Monday, October 11, 2010

Wheat sowing in katcha areas

PREPARATIONS for wheat sowing in katcha areas including parts of Thatta district, from where floodwater has receded, have started. Land is being levelled and cleared of weeds and bushes. This marks the beginning of Rabi sowing season.

The government has not yet announced wheat’s acreage and production targets. Same is the case with the procurement price. Growers seem poised to go for an aggressive wheat sowing campaign and expect the procurement price to be fixed at Rs1,000 per 40kg.

Wheat is grown on the left bank of the Indus in Sindh which is not affected by floods. Sowing in command area is yet to begin. Farmers want to go for massive wheat sowing to get close to 4.5 million tons target by increasing acreage to 3.2- 3.3 million from normal 2.5 million acres. It will provide fodder for livestock also.

Growers argue that wheat sowing campaign should be launched in non- perennial areas also where floodwater is receding. Abadgars had suffered huge losss in Kharif crop due to water scarcity or floods. Left bank growers don’t need subsidy for that. What is needed is the provision of water in tail-end areas like Khairpur Gambho, fed by Rohri Canal and in command of Jamrao and Mitharo water channels in Mirpurkhas district, fed by Nara canal. Timely availability of seed and fertiliser is essential besides credit facility.

“Where there is need of water mobile sprinklers should be provided by the Sindh government instead of machines for dewatering,” said Sindh Abadgar Board president Abdul Majeed Nizamani. He said four cycles of water were needed for wheat cultivation and one mobile sprinkler would provide 1,000 litres per acre.

The Sindh Agriculture Extension Research Department is specially focusing on cultivation of wheat, sunflower, fodder and maize by sharing knowledge with growers. According to DG Agriculture Research Department Hidayatullah Chajro, the department is working with local growers to get benefit of residual moisture in land.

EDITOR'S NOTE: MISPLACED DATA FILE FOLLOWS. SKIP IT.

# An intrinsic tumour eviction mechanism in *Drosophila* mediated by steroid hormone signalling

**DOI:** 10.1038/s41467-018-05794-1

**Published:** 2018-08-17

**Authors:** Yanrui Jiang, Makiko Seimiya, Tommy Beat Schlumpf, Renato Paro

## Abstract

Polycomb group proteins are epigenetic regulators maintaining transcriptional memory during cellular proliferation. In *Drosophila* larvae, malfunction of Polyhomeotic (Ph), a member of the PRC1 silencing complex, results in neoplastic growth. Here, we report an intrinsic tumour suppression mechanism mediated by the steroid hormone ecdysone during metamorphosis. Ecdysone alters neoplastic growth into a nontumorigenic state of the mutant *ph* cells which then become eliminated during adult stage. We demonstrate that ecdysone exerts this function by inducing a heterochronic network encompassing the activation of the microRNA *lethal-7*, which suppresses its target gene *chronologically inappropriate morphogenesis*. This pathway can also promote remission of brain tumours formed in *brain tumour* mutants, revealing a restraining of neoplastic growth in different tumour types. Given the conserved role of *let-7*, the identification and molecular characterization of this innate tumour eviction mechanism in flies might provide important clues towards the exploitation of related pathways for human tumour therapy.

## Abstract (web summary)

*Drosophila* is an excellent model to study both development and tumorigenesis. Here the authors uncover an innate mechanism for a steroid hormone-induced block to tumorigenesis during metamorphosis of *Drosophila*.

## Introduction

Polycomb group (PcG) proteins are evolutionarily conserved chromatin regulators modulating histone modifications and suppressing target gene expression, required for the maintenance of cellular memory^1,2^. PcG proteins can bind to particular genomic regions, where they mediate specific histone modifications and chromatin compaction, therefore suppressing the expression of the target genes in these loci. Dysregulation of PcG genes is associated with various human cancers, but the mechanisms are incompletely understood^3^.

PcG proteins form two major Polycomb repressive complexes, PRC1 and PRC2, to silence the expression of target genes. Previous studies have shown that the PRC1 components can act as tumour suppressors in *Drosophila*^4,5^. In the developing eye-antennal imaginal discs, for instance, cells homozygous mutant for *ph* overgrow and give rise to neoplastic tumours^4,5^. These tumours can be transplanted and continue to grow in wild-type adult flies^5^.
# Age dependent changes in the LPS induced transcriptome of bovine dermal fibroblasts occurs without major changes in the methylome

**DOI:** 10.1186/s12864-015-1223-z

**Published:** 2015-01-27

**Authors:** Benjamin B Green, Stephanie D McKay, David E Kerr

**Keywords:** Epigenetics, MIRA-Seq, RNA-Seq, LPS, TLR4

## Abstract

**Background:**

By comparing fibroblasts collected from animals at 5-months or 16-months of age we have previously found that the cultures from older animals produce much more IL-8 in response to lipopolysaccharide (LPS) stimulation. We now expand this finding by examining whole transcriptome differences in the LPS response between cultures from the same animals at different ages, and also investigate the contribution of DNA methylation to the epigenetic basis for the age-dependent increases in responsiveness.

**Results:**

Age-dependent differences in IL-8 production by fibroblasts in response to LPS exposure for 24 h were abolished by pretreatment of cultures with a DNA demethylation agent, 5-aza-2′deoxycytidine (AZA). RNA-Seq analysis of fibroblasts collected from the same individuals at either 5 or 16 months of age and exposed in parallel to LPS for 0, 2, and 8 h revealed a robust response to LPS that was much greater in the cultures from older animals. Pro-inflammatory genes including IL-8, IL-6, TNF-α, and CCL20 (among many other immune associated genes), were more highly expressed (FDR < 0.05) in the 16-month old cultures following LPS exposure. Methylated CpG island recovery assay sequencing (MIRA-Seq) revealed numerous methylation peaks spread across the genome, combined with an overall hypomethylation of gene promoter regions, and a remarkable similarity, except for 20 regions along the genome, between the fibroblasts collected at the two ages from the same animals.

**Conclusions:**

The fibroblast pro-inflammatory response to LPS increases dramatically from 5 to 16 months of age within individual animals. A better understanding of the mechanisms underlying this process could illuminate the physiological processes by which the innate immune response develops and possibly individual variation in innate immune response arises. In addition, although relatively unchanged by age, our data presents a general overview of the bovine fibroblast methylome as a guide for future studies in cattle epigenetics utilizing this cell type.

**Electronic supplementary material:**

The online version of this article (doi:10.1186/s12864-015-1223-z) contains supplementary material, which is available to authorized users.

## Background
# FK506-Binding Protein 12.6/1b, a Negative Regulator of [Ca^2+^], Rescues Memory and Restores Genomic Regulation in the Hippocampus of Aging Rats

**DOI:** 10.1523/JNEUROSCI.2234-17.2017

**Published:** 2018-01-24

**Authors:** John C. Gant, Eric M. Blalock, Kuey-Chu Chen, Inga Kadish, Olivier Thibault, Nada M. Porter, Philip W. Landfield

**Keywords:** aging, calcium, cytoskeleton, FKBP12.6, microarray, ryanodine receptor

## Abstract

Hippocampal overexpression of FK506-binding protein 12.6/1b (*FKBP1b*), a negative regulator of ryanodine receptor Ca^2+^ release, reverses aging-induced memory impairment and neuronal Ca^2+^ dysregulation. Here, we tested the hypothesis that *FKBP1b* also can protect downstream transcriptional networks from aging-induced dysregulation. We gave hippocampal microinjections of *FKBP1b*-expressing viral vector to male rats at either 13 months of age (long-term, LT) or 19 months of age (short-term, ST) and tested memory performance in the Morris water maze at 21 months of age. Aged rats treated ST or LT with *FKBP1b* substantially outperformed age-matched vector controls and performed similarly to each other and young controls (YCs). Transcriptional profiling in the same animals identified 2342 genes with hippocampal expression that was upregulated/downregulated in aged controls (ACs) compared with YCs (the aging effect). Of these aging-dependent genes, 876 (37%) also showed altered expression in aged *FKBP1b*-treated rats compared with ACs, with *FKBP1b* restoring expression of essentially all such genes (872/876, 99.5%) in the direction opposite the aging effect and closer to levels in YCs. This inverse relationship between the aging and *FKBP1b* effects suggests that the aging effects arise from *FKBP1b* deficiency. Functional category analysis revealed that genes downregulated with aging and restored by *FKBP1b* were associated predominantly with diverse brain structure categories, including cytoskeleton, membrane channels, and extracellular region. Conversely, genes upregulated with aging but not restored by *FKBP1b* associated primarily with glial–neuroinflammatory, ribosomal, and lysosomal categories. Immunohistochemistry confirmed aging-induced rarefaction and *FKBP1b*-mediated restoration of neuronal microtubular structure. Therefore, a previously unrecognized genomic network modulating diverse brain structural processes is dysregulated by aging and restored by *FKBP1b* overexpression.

According to wheat expert Mohammad Khan of Agriculture Research Department, wheat sowing on zero tillage is recommended in rice belt of the right bank. And if the growers get one or two cycle of water they would have an average wheat yield, he said. “Growers can get 80 maunds of yield per acre through TD-1 variety while they are currently having an average 35 maunds. It is time for transfer of technology and inputs to increase per acre yield,” he added.

Sindh is in deficit in wheat production and has to turn to Punjab to meet its requirement every year. Farmers believe that it is time that small and big land owners should be encouraged to cultivate wheat to overcome the deficit.

As reported earlier, the left bank area was hit by water shortage during Kharif season. Kharif season begins in March and April and availability of water was delayed as late as July. Cotton, vegetable and chilli crops were lost due to water scarcity.

Ghotki district on the left bank of Indus and Guddu downstream were the worst affected where cotton crop was destroyed following heavy rains. Damage to sugarcane was also reported besides colossal losses to paddy. “Rain water is still standing in fields. We have lost 90 per cent of cotton, 80 per cent of paddy and 30 per cent sugarcane. Rest of the crops are hit by water shortage”, said Mujeeb Kalwar, a rice grower from Ghotki.

He said that during the Rabi season, growers opt for wheat but 40 per cent of land is still under water where wheat sowing seems impossible. Subsoil water table has also increased and locals said it would take another month for the water table to drop.

As far as seed requirement is concerned, around four million maunds of seed are required for wheat cultivation in Sindh. Farmers keep seed with them for Rabi. In addition, the Sindh Seed Certification in collaboration with the Federal Seed Certification and Registration Department (FSCRD) is certifying wheat seed available with the food department.

According to Sindh Seed Corporation chief Shafiq Mahesar so far 1.8 million maunds of seed have been certified whereas 132,000 maunds are said to be with the food department which is to be certified. He expressed the hope that seed’s availability wouldn’t be an issue for growers.

Mr Nizamani is confident that not only wheat but paddy seed would be made available as farmers have their own seed and other private organisations could provide it to them. He said the real issue was of the provision of water and the irrigation officials must ensure its availability.